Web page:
So, let's get down to it. President Bush's new speech on Cuba policy was met with predictable reactions. After the speech, Radio Mambi was in a celebratory mood as Rep. Mario Diaz-Balart and Sen. Mel Martinez called in to Ninoska Perez-Castellon's 3pm show. BOTH described the speech as "historic." Rep. Mario Diaz-Balart, of course, went ahead and compared the speech to Reagan's famous call for "freedom" on June 12th, 1987 in West Berlin. Henry Gomez at the Babalu Blog also couldn't help but make the same Reagan comparison. (Gomez also inaccurately wrote that the speech lasted about 40 minutes, when his own video link times the speech at about 30 minutes.)
Ironically, I think the Reagan comparison is apt. Looking back at George W. Bush's policy towards Cuba, not since Reagan's administration (1981-1989) has such confrontational rhetoric been spoken. (Still, in my opinion, Clinton's administration was far more aggressive and destructive in actual policy.) Recall Reagan's State Sec. Alexander Haig describing Cuba as "the source" of the communist threat in Central America.
Back in 1980, a report titled "A New Inter-American Policy of the Eighties" by the Committee of Santa Fe (Council for Inter-American Security) laid out the basic plan for Reagan's Cuba policy. With the fear of a communist threat coming from Cuba, the Committee of Santa Fe put it bluntly:
"If propaganda fails, a war of national liberation against Castro must be launched. The second alternative will be to encourage the Cubans to make a radical shift in their foreign policy... [W]e should make it clear that if the Cuban-Soviet alliance is ended, the United States will be generous.... Thus Havana must be presented with two clear options. It is free to choose either, but the United States must carry out the threat or the promise with equal vigor."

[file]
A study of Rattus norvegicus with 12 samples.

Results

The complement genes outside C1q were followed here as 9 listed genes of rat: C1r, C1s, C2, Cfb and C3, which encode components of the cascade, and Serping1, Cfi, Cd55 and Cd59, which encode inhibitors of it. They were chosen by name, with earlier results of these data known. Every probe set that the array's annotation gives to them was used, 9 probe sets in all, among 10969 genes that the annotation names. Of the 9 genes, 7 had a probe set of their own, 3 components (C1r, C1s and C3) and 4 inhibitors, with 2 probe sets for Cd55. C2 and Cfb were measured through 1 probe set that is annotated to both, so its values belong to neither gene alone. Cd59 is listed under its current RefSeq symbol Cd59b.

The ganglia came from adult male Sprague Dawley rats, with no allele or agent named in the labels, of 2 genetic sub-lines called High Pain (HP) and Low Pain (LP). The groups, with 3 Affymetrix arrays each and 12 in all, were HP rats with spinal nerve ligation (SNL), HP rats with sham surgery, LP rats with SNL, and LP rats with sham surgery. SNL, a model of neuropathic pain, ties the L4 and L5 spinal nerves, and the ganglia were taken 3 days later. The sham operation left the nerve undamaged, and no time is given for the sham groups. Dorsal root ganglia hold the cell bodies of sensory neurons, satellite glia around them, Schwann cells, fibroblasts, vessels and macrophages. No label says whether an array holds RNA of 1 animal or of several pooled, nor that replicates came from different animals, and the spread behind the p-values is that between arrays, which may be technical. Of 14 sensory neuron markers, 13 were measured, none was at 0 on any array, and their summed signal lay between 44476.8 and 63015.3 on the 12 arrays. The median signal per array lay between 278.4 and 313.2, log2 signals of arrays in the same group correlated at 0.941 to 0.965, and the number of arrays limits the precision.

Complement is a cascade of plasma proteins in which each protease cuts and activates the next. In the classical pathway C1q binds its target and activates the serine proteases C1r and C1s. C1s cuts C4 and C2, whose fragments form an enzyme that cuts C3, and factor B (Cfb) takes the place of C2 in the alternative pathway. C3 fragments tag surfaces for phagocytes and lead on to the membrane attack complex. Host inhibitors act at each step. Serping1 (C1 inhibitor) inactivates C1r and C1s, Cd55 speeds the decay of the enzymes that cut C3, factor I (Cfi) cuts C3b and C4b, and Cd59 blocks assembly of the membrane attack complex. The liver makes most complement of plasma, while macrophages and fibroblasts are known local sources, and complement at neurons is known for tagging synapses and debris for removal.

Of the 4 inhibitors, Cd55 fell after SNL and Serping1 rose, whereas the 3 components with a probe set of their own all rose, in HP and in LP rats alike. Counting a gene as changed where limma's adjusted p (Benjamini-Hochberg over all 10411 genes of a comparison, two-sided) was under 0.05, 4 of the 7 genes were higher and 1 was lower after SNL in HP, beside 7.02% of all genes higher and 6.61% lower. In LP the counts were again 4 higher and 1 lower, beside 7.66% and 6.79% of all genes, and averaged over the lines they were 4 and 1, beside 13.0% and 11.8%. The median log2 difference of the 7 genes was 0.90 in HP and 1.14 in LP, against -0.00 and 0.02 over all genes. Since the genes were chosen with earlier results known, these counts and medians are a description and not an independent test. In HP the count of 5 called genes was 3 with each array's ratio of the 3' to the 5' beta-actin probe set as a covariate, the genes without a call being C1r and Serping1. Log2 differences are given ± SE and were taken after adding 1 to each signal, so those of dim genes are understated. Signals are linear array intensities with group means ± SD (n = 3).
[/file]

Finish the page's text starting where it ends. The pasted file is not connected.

Currently, Bush's Cuba policy is a slight modification, emphasizing more the "generous" part (the so-called Freedom Fund for Cuba), without the obvious threat of "national liberation" connected to the old Soviet threat. But, note that according to the hard-line, (even without a Soviet threat, as if it mattered) Cuba still poses a "threat to US national security." In essence, current US policy towards Cuba is nothing but a Reagan rerun. This would also explain how hard-liners currently praise George W. Bush, and see him as a worthy successor to the Reagan legacy. But, even more astonishing, this morning I also heard Armando Perez Roura actually compare Bush's speech yesterday to Lincoln's Gettysburg Address! Yikes!
Anyway, let's analyze Bush's Gettysburg.